In a perfect world, every nursing home across Kentucky would maintain a nurturing, comfortable environment for residents, but regrettably, this is far from the case. Instead, the quality of care many older adults receive in nursing homes and assisted living facilities is subpar, at best, and when the quality of care suffers, injuries, including falls, often rise.
Per Industrial Safety & Hygiene News, resident falls are alarmingly commonplace in American nursing homes, with about 1,800 nursing home residents passing away annually in the United States because of fall-related injuries. Statistics also show that the typical American nursing home facility reports between 100 and 200 falls each year, but this number refers solely to the number of resident falls reported, meaning there may, in fact, be many more that occur.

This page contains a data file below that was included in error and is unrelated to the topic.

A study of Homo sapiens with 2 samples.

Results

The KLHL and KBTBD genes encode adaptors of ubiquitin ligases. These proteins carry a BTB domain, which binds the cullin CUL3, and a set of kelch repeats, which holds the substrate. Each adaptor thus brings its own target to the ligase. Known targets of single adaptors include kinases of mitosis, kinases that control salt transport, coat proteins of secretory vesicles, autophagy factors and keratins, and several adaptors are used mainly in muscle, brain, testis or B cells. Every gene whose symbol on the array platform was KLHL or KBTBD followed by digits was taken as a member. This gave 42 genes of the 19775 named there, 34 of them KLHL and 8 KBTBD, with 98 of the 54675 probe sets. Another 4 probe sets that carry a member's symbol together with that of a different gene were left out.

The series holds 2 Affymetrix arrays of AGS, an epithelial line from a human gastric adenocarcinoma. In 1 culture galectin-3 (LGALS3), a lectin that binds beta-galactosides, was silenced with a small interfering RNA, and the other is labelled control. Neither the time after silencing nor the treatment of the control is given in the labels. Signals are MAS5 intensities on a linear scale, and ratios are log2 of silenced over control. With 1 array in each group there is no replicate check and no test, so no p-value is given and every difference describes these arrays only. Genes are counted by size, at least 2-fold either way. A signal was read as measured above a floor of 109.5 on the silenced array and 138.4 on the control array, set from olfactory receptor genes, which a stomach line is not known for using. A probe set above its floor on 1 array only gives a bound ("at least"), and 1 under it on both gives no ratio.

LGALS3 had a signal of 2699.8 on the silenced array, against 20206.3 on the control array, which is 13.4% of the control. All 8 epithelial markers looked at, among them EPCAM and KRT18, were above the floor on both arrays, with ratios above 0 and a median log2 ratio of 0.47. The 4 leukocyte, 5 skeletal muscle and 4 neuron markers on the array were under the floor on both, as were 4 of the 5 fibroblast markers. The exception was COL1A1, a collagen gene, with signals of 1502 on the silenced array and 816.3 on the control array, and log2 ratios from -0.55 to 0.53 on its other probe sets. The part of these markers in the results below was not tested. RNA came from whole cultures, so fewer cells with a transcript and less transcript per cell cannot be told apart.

Somewhere between about 10% and 20% of those nursing home resident falls result in injuries considered to be “extremely serious,” while somewhere between about 2% and 6% of nursing home resident falls lead to fractures. Even when resident falls do not result in serious injuries, though, they can still have a significant effect on an older American’s psyche.
For example, many older Americans who fall find that they become increasingly immobile afterward, and in some cases, this happens not because of injuries, but because of fears about falling again. Furthermore, many nursing home residents who fall find that they become increasingly depressed and isolated in the aftermath of doing so. Ultimately, nursing home falls can arise from any number of different circumstances, but understaffing and environmental factors are frequent contributors to resident falls. You can find more on this topic on our webpage.